Transport groups set up camp before LTFRB-6; renew call to junk PUVMP

Protest camp in front of the Land Transportation Franchising and Regulatory Board Region 6 (LTFRB-6) office in Iloilo City. (Contributed photo)

By Rjay Zuriaga Castor 

With only less than five days before their impending phaseout from the streets, drivers and operators of traditional jeepneys and UV express units in the region have once again called on the national government to scrap the public utility vehicle modernization program (PUVMP).

The call was made by setting up a protest camp in front of the Land Transportation Franchising and Regulatory Board Region 6 (LTFRB-6) office on Wednesday, December 27.

The protest, led by the “No to PUV Phaseout Coalition-Panay”, will continue until December 28.

“Naglunsar kita sang kampuhan diri sa atubang sang LTFRB-6 agud ipalab-ot sa panguluhan natun sa national ang atun nga pagpamatok sa compulsory consolidation nga maga deadline sa December 31, 2023,” said Elmer Forro, lead convenor of the coalition.

[We launched a protest in front of LTFRB-6 to bring to the attention of the national government our stern opposition to the compulsory consolidation which is set on a December 31, 2023 deadline.]

The mandatory consolidation measure of the PUVMP forces individual franchise-holders and operators of PUVs to surrender the franchises previously granted to them.

The program also requires operators and drivers to “consolidate” by forming or joining cooperatives or corporations on or before December 31, which would gradually phase out old jeepneys with modern units.

President Ferdinand Marcos, Jr. on December 12 this year declared that there would be no further extension of the deadline for consolidation of PUVs.

The LTFRB on December 14 also approved a circular providing that only consolidated entities and individual operators who fail to meet the consolidation deadline will lose their individual franchise and the opportunity to ply routes.

Forro said the apparent refusal of the national government to lift the deadline or scrap the modernization program serves as their determination to further push their call.

“Ang compulsory consolidation sa December 31, naghatag sa amon sang determinsayon nga mas wala na kami sang ginasaligan pa kundi ang amon kusog bilang pumluyo. Wala na kita sang ginaasahan pa sa atun panguluhan bangud sa ‘kontra drayber, kontra operator’ nga tindog niya (Marcos),” he said.

[The compulsory consolidation on December 31 has given us the determination to rely on our strength as citizens. We no longer have the expected support from Marcos considering his ‘anti-driver, anti-operator’ stance.]

Forro further urged commuters to join their cause since they will also be primarily affected by the modernization program.

He claimed that there would be limited PUVs to cater them, potentially resulting in higher fares for commuters utilizing the new modern jeepneys.

The protest might extend until December 29, according to Forro.

No extension for PUV consolidation

Atty. Salvador “Jun” Altura, legal officer of the Land Transportation Franchising and Regulatory Board Region 6 (LTFRB-6) told Daily Guardian they respect the constitutional rights of the transport groups to hold a protest but the consolidation deadline will still be enforced on December 31.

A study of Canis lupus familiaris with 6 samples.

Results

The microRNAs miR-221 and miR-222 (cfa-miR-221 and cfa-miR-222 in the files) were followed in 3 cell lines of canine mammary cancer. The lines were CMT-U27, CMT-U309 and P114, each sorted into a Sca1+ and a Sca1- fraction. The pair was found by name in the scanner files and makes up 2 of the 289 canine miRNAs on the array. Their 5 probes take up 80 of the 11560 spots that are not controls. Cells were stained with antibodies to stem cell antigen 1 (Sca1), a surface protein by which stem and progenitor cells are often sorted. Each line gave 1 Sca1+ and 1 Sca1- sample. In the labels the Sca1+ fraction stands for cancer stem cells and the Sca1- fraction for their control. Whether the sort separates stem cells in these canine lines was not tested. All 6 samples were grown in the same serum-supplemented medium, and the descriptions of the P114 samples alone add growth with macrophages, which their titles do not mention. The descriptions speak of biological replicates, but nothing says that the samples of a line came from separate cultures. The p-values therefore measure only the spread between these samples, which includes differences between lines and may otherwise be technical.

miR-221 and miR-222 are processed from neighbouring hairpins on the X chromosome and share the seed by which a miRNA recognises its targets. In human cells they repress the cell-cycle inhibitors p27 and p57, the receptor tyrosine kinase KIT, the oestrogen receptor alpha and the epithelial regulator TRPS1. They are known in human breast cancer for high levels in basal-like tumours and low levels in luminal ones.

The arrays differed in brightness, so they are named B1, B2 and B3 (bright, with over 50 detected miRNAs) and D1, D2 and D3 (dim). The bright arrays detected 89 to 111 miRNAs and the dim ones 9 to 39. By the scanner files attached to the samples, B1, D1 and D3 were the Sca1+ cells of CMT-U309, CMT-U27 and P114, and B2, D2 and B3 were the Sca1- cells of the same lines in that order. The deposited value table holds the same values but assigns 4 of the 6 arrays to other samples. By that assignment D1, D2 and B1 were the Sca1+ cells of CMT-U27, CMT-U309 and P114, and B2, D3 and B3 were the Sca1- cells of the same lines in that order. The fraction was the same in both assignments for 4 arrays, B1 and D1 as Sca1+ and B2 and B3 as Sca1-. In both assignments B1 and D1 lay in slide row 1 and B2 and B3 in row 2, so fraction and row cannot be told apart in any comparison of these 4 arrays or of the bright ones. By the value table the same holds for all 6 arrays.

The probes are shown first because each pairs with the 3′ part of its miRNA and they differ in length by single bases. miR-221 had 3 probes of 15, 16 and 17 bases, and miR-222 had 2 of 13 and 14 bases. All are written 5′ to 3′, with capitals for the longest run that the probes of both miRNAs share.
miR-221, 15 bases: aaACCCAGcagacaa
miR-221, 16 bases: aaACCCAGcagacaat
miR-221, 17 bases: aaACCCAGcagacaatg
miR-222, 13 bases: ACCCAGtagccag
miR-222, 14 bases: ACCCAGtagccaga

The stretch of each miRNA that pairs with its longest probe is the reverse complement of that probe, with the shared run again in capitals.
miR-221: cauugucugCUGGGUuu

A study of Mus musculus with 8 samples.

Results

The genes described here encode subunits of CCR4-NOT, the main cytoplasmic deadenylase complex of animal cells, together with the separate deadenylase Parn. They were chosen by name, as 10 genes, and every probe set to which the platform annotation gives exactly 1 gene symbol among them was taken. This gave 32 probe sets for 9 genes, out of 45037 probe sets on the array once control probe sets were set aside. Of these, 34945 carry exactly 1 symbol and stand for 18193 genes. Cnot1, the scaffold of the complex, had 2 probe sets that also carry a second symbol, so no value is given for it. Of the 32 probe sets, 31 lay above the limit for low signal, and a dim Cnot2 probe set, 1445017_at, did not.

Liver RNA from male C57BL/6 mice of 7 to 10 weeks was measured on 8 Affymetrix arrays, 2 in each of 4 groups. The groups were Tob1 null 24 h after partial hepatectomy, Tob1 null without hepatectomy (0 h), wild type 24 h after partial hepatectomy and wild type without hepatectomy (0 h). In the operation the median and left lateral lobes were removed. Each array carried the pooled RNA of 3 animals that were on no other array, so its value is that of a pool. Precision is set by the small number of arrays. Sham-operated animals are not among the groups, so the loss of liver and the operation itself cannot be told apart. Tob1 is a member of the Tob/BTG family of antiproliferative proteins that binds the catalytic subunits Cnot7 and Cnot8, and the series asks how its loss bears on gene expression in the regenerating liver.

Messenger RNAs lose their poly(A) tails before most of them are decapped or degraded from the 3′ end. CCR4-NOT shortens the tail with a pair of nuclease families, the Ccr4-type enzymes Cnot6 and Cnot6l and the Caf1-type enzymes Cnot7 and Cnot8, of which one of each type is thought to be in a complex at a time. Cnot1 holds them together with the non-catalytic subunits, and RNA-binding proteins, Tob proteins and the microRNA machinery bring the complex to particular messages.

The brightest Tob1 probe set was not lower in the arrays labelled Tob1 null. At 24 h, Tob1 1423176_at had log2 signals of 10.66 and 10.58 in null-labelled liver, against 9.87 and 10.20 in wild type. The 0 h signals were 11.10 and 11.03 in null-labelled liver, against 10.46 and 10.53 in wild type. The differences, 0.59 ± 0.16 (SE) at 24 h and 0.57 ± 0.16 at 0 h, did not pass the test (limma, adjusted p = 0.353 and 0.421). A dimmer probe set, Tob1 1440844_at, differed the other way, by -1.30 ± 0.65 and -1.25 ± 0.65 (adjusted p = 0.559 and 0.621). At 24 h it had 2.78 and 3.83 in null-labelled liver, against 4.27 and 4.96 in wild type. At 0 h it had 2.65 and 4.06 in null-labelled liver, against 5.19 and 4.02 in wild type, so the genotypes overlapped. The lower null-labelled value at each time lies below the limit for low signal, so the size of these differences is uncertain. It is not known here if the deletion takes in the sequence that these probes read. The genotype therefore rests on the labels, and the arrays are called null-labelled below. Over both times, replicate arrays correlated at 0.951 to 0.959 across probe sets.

“There’s nothing new in what they’re saying. Amo man man to dyapon — ibasura ang PUVMP. Halin sa umpisa, amo man na ang ila kawsa. Kung gapati sila paagi sa rally, we respect that,” he said.

[There’s nothing new in what they’re saying. It’s still the same — reject the PUVMP. Since the beginning, that has been their cause. If they express their beliefs through rallies, we respect that.]

Altura said until the LTFRB and the Department of Transportation (DOTr) get a temporary restraining order or an injunction order from the Supreme Court (SC), PUV drivers and operators still have to join cooperatives or corporations to be given provisional authority.

“Until we get an injunction or a relief from the SC mandating a halt or stop to the implementation of our memorandum circulars on the PUVMP, then the program will still push through,” he explained.

On December 20, the No to PUV Phaseout Coalition – Panay alongside other transport groups filed a petition before the SC, asking the latter to declare as “null and void” all department orders and memorandum circulars of the DOTr and LTFRB related to the PUV consolidation.

Altura said around 90 percent PUVs in the region have already joined in a cooperative or company.

“We are still coming up with the exact numbers but talking of percentage, we are already at the 90 percent units consolidated all throughout the region […] That is an increasing number because we loosened up the requirement for consolidation,” he said.

Initially, the consolidation required at least 15 individual franchise holders per route to form one cooperative but this was changed later this year  to “as long as the applicants constitute 40 percent of the authorized units in the route.”

Documentary requirements for the consolidation are the latest LTO Official Receipt at Certificate of Registration (OR at CR); SEC Certificate of Registration/Certification (for corporation) or CDA Registration/OTC Certification (for cooperative); and affidavit of conformity that individual operator is willing to join a cooperative or corporation.

Altura advised operators to still catch up and consolidate before the December 31 deadline and not wait for the decision of the SC regarding the petition.

He highly recommended to drivers and operators to enter existing cooperatives or companies instead of making a new one considering the limited time before the deadline.

Altura said the LTFRB-6 office will be open until 5 p.m. on December 31 to cater to operators and drivers who would comply with the consolidation at the last minute.